We live in a culture of fad diets, superfoods, and quick fixes for all of our bodily ails. With misinformation and modern old wives’ tales spreading faster than ever before, its important more than ever for athletes and endurance runners to prioritize not only a quality intake of food but a quality intake of information.
What foods are actually going to benefit your body and your athletic performance? Can food really make that big of a difference? Here’s what you need to know about athletic nutrition.
3 Key Facts About Food and Athletic Performance
1) Good nutrition is essential to peak athletic performance.
This has long been studied and established by healthcare and nutrition professionals. If you have a solid, nutrient-rich diet, you will be able to perform every task better, exercise and feats of athleticism included. Nutrients from whole foods are more effective than any supplement and can do everything from fight inflammation and support muscle growth and strength to help with immunity and recovery—not to mention support our supply of daily energy.
Macro and micronutrients alike all work together, along with vitamins and minerals, to keep our body functioning smoothly and regularly and promote cell turnover. What we eat fuels what we do, and what we do can keep us healthier in the long-term.
2) Athletic nutrition is varied, but not that different for an average healthy person.
Athletes often make the mistake of over-estimating how many more calories they need than the average person, particularly when it comes to something like carbs. This is because we often overestimate how many calories our activities burn. Your nutritional needs will vary, but it depends on things like the sport you’re playing, how long you exercise and how often, and so on. Even then, every individual is different.
For example, while no one should exercise on an empty stomach, each person will perform better eating different amounts at different lengths of time beforehand.
Essentially, while we all fall into a same basic nutritional template, we do have individual body chemistry and needs that need to be taken into account. This is why it’s also wise to speak to a physician before starting new diets or new exercise routines! They can help you find a custom-fit diet that works for you and for the exercises you plan to do.
3) Your nutritional plan should promote long-term health, not short-term gains.
Lastly, avoid nutritional plans that focus on the short-term. You might see results from fad diets, be it keto, paleo, or what have you, but you have to ask yourself whether or not it is a sustainable lifestyle for you, incorporating whole foods, and meeting your nutritional and athletic needs. You can tailor some diets to do this for you, but that can often feel like squeezing a square peg into a round hole.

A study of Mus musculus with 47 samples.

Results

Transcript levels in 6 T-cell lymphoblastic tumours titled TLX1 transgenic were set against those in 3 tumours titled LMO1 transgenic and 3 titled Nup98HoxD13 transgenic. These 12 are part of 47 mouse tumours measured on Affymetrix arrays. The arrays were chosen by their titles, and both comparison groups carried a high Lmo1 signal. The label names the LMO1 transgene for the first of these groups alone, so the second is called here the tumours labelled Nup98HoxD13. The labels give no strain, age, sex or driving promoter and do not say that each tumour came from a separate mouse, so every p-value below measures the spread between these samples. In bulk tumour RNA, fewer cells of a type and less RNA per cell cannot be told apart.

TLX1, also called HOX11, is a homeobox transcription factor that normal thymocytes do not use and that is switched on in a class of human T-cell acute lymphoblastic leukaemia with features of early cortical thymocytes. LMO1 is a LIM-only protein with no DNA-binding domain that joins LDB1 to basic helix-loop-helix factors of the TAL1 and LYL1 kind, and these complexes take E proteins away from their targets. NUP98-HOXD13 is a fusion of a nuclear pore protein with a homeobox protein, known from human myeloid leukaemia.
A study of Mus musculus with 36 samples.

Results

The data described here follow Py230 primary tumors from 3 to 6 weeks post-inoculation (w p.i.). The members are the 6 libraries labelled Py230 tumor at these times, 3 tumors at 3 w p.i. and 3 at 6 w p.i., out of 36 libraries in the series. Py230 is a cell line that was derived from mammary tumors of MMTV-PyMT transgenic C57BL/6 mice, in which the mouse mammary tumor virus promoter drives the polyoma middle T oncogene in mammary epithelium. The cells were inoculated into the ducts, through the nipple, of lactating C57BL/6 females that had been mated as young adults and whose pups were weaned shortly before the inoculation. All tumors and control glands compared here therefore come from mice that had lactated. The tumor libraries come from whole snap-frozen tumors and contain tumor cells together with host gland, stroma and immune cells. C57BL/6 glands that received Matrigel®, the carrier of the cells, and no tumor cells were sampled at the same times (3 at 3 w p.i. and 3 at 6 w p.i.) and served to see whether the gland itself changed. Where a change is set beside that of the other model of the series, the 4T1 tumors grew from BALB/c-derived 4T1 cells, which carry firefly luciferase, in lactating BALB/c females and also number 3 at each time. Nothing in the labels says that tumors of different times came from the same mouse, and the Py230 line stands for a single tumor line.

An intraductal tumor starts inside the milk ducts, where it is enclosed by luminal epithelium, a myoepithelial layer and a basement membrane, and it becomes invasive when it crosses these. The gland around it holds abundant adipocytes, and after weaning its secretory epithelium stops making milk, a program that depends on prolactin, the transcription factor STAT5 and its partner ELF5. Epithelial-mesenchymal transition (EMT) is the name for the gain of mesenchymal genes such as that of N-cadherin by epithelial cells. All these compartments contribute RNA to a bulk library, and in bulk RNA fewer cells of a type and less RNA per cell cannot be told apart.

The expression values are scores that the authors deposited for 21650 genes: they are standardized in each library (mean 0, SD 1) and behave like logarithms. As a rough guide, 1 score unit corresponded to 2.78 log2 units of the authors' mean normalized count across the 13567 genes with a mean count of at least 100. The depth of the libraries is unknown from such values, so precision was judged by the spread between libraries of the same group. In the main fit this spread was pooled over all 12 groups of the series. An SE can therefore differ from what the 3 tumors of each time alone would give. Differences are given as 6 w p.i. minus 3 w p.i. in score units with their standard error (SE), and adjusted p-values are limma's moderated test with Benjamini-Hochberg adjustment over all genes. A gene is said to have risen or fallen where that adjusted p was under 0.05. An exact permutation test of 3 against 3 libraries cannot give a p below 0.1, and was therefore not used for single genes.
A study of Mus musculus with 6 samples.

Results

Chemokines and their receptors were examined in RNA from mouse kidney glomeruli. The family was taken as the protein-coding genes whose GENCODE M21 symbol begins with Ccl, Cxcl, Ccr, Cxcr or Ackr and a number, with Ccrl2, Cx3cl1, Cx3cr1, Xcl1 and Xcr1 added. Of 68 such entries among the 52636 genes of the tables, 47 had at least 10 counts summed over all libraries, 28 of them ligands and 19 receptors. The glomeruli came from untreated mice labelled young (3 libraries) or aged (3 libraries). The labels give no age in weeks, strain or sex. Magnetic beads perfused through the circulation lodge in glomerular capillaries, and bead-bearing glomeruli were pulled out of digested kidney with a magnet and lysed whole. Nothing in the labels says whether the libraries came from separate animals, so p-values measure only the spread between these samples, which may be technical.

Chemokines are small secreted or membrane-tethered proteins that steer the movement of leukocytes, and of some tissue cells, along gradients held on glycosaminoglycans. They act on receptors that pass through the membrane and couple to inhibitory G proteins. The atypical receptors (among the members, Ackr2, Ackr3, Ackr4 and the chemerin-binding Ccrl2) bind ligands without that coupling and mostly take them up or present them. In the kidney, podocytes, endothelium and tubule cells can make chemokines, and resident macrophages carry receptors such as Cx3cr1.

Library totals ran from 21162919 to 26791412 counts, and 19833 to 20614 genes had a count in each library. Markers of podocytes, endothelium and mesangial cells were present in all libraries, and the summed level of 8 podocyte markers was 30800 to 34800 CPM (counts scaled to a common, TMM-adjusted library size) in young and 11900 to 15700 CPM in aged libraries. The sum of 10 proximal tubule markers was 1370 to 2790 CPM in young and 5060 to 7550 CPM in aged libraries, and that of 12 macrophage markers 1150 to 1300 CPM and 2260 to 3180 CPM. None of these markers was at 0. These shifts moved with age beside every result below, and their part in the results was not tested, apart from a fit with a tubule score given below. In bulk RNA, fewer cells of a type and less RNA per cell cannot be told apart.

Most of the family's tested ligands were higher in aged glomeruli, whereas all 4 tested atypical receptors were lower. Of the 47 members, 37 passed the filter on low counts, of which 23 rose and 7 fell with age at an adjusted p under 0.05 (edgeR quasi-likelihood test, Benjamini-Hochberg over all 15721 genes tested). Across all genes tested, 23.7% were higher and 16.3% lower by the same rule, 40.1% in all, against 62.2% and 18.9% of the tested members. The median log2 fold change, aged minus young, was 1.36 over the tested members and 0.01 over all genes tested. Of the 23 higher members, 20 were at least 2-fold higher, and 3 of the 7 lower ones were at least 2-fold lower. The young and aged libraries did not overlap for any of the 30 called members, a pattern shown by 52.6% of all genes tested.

Remember, you want a diet that is a long-term lifestyle change. Something that will make you healthy in the long term: not a diet that will whip you into shape in six months, or something to help you lose that extra weight you’ve been carrying. Prioritize your health and the rest will follow.
4 Nutrient-Packed Foods that Actually Impact Athletic Performance
Blueberries are one of the pioneers of “superfoods,” namely because they are so packed with antioxidants—the highest in any fruit. The carbohydrates you get from blueberries are mostly fiber. Plus, the high vitamin C content will help your post-workout recovery.
They might get in your teeth, but they’re a great snack by themselves, in your smoothie, or with yogurt.
2) Chia Seeds
For a few decades, chia seeds seemed to be used only for growing green hair on ceramic cartoon characters. In the modern age, we’re waking up to the real benefit of this tiny little seed. Full of protein, calcium, omega-3 fatty acids, and a whopping 42% of your recommended daily value of fiber, chia seeds are a great add-on to salads, cereals, and smoothies. Chia seed pudding is an easy-to-make breakfast with your favorite milk and a little honey. Add matcha powder for an extra antioxidant boost, or eat it with fresh fruit and nuts. If you’re sleeping on the mighty chia seed, you’re missing out.
Not all fish are created equal. If you’re looking for a nutrient-packed fish, salmon wins, hands down. It’s a lean, mean, omega-3 fatty acid machine. Brain food at its finest. For the athlete, salmon makes for an ideal post-recovery dinner. Nutritionally speaking, salmon is going to reduce inflammation, promote tissue regrowth, and help with muscle recovery.
Beets are one of those foods that I think just about everyone turned their nose up at as a kid. The nitrates in beets get a lot of nutritionists excited, though. For athletes, the consumption of beets and beet juice helps to reduce the amount of oxygen intake needed while also increasing endurance. In short, you don't get worn out as quickly. It just might need to be your new breakfast drink, if only because beet juice promotes circulatory and heart health. Beets are a win for everyone, no matter how active you are.
When it comes to nutrition, we tend to over-complicate things. What matters are not fancy diets or complex equations. Eat whole foods and follow calories in, calories out. Consult a physician and a nutritionist who can help you navigate your unique dietary needs.
If you do that, it will all come into focus.
What's your favorite "health" food? Share how it fuels your workout in the comments.